First, it is important to understand that refusing to raise the debt ceiling would not lower our debt. The vote simply allows the government to borrow more money to finance spending Congress and the president already have committed to spend.

The time for showing restraint was earlier. And even though the Republicans would like to create the impression that the Democrats are solely responsible for the nation’s debt, they have also been fiscally irresponsible for years.

We really do have a serious problem with both yearly deficits and the country’s cumulative debt. It does need to be addressed, and hard decisions need to be made. But if we were to default on our debt, the consequences would be devastating.

Our budget doesn’t need a crash diet; it needs a comprehensive life change, and both parties need to do this together. Both parties need to learn how to exercise fiscal restraint.

We have come to the brink before, with Democrats and Republicans making noise at one another, but we have never gotten to the point of actually defaulting on our debt.

The problem is that times have changed. There is such animosity now between the two parties that compromise might become impossible, and some of the Republicans in the House seem to believe that brinkmanship is a virtue.

A default could cause a number of serious problems for our economy and our economic reputation worldwide. This is really serious.

We reached our debt ceiling of $31.4 trillion in mid-January. Treasury Secretary Janet Yellen has said that she can take some extraordinary measures for a short time — perhaps until June — to keep making some basic payments on Social Security and Medicare and avoid default. But that will not last for long. Without a vote to raise the debt ceiling, economic horrors will follow.

A report from the nonpartisan Committee for a Responsible Federal Budget points out that “a default, or even the perceived threat of one, could have serious negative economic implications.”

The 2011 debt ceiling standoff “raised borrowing costs by a total of $1.3 billion in the fiscal year 2011, and S&P downgraded the U.S. credit rating for the first time in history. And the 2013 debt limit impasse led to additional costs over a one-year period of between $38 million and more that $70 million.”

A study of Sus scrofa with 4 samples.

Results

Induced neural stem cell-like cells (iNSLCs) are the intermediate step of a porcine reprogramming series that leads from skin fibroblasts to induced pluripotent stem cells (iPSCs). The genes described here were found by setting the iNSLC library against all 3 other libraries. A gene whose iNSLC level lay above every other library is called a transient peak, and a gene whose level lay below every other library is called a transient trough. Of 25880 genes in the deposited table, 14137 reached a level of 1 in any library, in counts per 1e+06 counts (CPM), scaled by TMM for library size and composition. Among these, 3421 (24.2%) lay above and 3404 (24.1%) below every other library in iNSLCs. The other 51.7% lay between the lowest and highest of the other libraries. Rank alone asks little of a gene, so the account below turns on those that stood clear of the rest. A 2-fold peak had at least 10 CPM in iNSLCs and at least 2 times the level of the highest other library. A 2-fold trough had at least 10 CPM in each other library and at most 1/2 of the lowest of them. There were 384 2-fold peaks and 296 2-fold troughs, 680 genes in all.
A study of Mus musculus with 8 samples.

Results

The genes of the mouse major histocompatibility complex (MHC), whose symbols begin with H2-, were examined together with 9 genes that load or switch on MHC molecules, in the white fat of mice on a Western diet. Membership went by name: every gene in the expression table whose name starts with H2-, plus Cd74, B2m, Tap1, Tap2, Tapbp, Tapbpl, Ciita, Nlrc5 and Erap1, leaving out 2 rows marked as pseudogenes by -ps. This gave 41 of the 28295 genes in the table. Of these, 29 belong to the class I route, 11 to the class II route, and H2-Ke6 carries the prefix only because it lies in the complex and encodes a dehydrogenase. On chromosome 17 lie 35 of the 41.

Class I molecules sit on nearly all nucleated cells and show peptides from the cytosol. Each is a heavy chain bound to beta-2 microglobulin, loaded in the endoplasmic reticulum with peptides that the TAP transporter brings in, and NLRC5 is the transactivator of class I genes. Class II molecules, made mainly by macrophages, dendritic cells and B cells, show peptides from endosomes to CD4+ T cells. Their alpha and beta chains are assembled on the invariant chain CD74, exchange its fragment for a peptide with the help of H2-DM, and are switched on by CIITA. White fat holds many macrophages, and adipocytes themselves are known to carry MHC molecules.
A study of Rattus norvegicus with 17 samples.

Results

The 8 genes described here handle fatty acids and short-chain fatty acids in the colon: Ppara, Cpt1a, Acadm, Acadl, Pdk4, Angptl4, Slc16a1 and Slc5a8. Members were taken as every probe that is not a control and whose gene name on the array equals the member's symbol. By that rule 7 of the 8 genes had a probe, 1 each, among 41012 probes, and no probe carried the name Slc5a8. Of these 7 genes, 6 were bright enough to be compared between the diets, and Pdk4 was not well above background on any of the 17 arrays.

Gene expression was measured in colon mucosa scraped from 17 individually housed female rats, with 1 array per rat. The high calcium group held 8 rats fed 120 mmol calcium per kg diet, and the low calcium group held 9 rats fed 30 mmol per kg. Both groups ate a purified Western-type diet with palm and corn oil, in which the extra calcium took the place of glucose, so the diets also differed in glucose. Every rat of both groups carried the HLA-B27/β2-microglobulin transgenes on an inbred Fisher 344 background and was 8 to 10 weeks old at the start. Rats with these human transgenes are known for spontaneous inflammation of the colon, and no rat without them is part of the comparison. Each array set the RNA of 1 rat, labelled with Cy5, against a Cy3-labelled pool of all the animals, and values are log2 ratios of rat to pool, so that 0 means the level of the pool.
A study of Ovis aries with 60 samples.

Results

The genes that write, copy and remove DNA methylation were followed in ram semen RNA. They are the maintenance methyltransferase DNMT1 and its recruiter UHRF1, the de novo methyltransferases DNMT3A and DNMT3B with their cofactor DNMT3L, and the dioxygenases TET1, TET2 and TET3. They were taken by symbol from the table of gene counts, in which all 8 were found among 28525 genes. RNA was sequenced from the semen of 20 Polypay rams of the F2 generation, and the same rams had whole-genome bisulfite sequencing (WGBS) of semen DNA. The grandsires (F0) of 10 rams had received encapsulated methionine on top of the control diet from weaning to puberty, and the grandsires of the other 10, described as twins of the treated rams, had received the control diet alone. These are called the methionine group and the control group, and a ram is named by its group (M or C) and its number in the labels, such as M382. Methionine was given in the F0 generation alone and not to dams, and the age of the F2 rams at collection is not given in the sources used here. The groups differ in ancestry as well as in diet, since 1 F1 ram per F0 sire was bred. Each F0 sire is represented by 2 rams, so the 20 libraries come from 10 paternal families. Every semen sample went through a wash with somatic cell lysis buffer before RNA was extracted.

Fitch Ratings recently warned that even a protracted fight over the debt ceiling this year could force it to downgrade the U.S. credit rating.

If we were to actually default, the committee report says that we could experience domestic economic effects similar to that of the Great Recession, with a significant decline in gross domestic product, the loss of millions of jobs, with unemployment rising to as much as 9%.

In addition, the stock market would suffer a terrible blow, since investments would not be seen as safe. It would increase interest rates and contribute to inflation.

Social Security payments and Medicare coverage would ultimately be affected, plunging the country into the kind of crisis it has not experienced since the Great Depression.

And the effects on global financial markets would be devastating, since international markets “depend on the relative economic and political stability of U.S. debt instruments and the U.S. economy.” If we did default, would the world ever be able to trust the U.S. economy again?

A default would not just cause short-term economic problems. The effects would last for years and could leave a permanent stain on the U.S. reputation for stability. Jacob Bogage of The Washington Post reports that Secretary Yellen has said a default could cause “irreparable harm to the U.S. economy.”

Our national debt is real, and it must be addressed, but holding the debt ceiling hostage is no way to achieve real, sustained results.

Trying to prove that the other political party is evil is likewise no solution. Shouting insults and threats does not provide answers. We need our representatives in Congress to actually work together to make changes that will help us. This means they need to communicate with one another like adults and be willing to compromise. Right now we need governing, not grandstanding.

Solomon D. Stevens was a professor of constitutional law, American government and political theory before retiring to North Charleston. He is a regular contributor to The Post and Courier Opinion section.